Most states use need-based state grant programs to reduce financial barriers to college for students from low-income households. The policy design and eligibility requirements of these grant programs vary from state to state and even across sectors. But some policies may unintentionally disproportionately exclude students from underrepresented racial and ethnic minority groups.

This report from the Urban Institute analyzes data on students who attend college in their state of legal residence and how the characteristics of need-based state grant programs affect students from different racial and ethnic groups. The study focuses on 11 states with significant need-based grant programs and examines both program structure and the distribution of aid among students from different racial and ethnic groups.

The data show that differences in aid receipt are not as large or as prevalent as one might expect. But in some states, Black, Hispanic, or Asian students are less likely than others in similar financial circumstances to receive state grant aid. These differences usually do not occur within the public four-year sector but occur either among public two-year college students or among college students overall. Another significant issue is the relatively small share of state grant aid going to students attending public two-year colleges, which tend to enroll relatively large shares of Black and Hispanic students.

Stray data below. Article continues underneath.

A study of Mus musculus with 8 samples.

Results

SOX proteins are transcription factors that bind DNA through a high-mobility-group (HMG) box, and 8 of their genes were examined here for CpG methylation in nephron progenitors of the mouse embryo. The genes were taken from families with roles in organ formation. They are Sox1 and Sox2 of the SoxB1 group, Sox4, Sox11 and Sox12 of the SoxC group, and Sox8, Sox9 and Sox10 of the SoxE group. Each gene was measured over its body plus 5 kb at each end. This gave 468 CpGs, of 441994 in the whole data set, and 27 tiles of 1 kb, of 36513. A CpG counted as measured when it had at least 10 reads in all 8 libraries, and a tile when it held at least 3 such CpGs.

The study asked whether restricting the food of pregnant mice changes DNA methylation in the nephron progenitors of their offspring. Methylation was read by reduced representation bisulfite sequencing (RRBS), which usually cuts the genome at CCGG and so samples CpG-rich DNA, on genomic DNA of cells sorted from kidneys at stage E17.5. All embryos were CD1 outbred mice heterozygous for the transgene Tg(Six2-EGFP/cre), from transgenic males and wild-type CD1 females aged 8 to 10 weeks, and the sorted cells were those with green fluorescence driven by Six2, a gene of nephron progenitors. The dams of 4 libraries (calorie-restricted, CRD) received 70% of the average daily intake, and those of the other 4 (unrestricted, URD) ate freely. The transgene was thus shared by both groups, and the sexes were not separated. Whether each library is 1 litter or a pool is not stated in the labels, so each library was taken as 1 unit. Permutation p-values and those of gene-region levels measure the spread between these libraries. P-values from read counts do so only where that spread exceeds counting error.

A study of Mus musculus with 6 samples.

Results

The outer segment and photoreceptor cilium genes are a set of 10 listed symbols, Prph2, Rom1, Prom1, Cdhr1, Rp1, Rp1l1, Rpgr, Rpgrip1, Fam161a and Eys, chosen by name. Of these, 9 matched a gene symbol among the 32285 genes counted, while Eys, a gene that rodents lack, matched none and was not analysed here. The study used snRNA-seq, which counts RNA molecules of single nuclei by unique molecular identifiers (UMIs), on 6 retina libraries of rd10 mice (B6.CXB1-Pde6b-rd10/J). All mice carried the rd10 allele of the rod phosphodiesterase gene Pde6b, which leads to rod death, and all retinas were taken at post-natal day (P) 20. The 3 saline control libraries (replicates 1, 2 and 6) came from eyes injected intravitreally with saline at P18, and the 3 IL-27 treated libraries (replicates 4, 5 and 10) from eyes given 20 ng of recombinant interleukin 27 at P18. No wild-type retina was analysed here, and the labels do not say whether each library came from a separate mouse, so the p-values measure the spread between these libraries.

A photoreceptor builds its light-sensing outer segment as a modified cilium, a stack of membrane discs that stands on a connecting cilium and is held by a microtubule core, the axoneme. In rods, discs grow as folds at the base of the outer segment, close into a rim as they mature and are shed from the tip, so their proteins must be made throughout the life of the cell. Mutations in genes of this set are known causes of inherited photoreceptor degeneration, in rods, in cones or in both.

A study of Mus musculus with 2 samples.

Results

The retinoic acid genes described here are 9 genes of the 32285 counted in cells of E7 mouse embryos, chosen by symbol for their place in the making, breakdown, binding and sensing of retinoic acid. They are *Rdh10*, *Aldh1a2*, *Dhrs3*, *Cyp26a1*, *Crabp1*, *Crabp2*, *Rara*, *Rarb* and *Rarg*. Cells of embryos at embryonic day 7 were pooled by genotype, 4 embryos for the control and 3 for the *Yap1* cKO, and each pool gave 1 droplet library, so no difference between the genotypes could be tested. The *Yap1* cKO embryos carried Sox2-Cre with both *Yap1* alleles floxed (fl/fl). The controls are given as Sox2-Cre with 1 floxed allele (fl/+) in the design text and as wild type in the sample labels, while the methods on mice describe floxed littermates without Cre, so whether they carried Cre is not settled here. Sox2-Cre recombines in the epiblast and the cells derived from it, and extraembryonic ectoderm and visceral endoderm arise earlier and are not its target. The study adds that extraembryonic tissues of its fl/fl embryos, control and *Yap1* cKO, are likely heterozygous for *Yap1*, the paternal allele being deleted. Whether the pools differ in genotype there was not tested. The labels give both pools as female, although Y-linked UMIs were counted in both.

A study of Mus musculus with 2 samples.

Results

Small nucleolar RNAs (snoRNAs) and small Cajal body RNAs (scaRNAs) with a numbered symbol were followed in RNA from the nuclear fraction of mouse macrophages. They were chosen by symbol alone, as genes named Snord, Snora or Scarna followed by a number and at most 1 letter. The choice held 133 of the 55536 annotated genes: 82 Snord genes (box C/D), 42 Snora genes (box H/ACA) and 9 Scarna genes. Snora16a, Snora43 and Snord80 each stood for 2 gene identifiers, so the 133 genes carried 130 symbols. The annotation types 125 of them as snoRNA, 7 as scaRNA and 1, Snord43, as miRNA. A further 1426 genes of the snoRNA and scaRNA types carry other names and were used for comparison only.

Each state has a unique program design for need-based aid, and both student demographics and enrollment patterns vary considerably among states, so the most effective policies will differ from state to state. If states want to ensure inclusivity in their need-based state grant programs, the report concludes that they would be well advised to examine their policies for differential impacts by race and ethnicity.